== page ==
The Texas law distinguishes between a felony and a misdemeanor. Misdemeanors are crimes that are considered less serious, and felonies are some of the harshest offenses. Within those broad categories there are distinctions to determine the severity of the charge and the correlating consequences.
Both felony and misdemeanor offenses come with a host of collateral consequences that can impact your educational and professional opportunities. A misdemeanor is punishable by up to 12 months in jail. Any criminal offense with a statutory maximum punishment of incarceration that exceeds 12 months is a felony.
Some common examples of Misdemeanors include; but not limited to:
- Criminal mischief
- Driving under the influence of alcohol by a minor
- Driving with a suspended license
- Indecent exposure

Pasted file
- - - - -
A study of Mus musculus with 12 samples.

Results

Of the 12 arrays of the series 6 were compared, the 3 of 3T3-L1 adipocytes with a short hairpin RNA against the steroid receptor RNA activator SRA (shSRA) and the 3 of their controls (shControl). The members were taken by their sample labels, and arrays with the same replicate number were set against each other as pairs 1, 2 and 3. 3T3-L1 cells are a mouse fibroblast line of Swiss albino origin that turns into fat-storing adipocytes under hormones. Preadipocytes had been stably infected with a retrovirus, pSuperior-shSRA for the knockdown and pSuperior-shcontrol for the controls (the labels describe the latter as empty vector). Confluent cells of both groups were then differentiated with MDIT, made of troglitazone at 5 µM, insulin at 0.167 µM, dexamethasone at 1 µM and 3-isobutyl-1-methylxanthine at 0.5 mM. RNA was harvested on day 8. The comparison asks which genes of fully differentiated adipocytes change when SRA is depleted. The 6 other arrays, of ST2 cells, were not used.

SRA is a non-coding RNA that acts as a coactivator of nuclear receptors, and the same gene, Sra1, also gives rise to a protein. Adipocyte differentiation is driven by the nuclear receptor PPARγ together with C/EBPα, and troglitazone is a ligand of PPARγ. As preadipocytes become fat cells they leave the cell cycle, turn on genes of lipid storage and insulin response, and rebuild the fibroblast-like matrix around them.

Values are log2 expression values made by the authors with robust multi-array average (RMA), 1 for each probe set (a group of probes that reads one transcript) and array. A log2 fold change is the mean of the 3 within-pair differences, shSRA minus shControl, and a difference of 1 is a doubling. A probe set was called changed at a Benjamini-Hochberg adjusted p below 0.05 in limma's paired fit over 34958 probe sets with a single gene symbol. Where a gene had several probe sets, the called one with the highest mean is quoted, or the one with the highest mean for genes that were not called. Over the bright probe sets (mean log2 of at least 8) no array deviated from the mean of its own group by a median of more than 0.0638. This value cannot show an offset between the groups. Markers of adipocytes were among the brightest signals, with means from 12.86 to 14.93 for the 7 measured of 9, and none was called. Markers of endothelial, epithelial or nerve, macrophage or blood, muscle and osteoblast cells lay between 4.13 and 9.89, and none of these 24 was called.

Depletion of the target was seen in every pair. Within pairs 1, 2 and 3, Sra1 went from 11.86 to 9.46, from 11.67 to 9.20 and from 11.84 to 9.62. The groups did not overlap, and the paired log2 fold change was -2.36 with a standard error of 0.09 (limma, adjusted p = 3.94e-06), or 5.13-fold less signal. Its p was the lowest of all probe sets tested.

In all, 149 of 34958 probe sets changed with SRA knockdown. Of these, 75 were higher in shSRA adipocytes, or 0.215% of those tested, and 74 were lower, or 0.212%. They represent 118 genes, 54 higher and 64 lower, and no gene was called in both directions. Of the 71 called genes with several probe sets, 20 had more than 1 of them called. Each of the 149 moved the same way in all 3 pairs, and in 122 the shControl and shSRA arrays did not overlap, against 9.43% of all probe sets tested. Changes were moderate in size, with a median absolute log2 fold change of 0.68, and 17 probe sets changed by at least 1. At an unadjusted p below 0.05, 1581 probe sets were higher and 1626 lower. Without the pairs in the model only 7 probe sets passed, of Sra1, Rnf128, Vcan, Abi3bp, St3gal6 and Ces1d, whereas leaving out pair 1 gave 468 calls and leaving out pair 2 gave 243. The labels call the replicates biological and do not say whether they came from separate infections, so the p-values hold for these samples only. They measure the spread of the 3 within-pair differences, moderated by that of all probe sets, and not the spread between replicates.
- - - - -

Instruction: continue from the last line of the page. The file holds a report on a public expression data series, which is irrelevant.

- Possession of a controlled substance
- Violation of a protective order
In Texas, misdemeanor charges are broken into three classes: A, B, and C, classes according to the severity of the offense
- Class A Misdemeanor: Conviction of a Class A misdemeanor carries a punishment range of up to one (1) year in the county jail, as well as a fine of up to $4,000.
- Class B Misdemeanor: Conviction of a Class B misdemeanor carries a punishment range of up to 180 days in county jail, as well as a fine of up to $2,000.
- Class C Misdemeanor: Conviction of a Class C misdemeanor carries penalties of up to a $500 fine.
If you have been accused of a misdemeanor in the state of Texas, you may be feeling worried, angry, frustrated, and overwhelmed. You may have a number of questions about the implications of the charges against you and what you should do next. Your first step should always be to contact a Texas criminal defense attorney with a trusted reputation and a long-standing reputation for success and client commitment.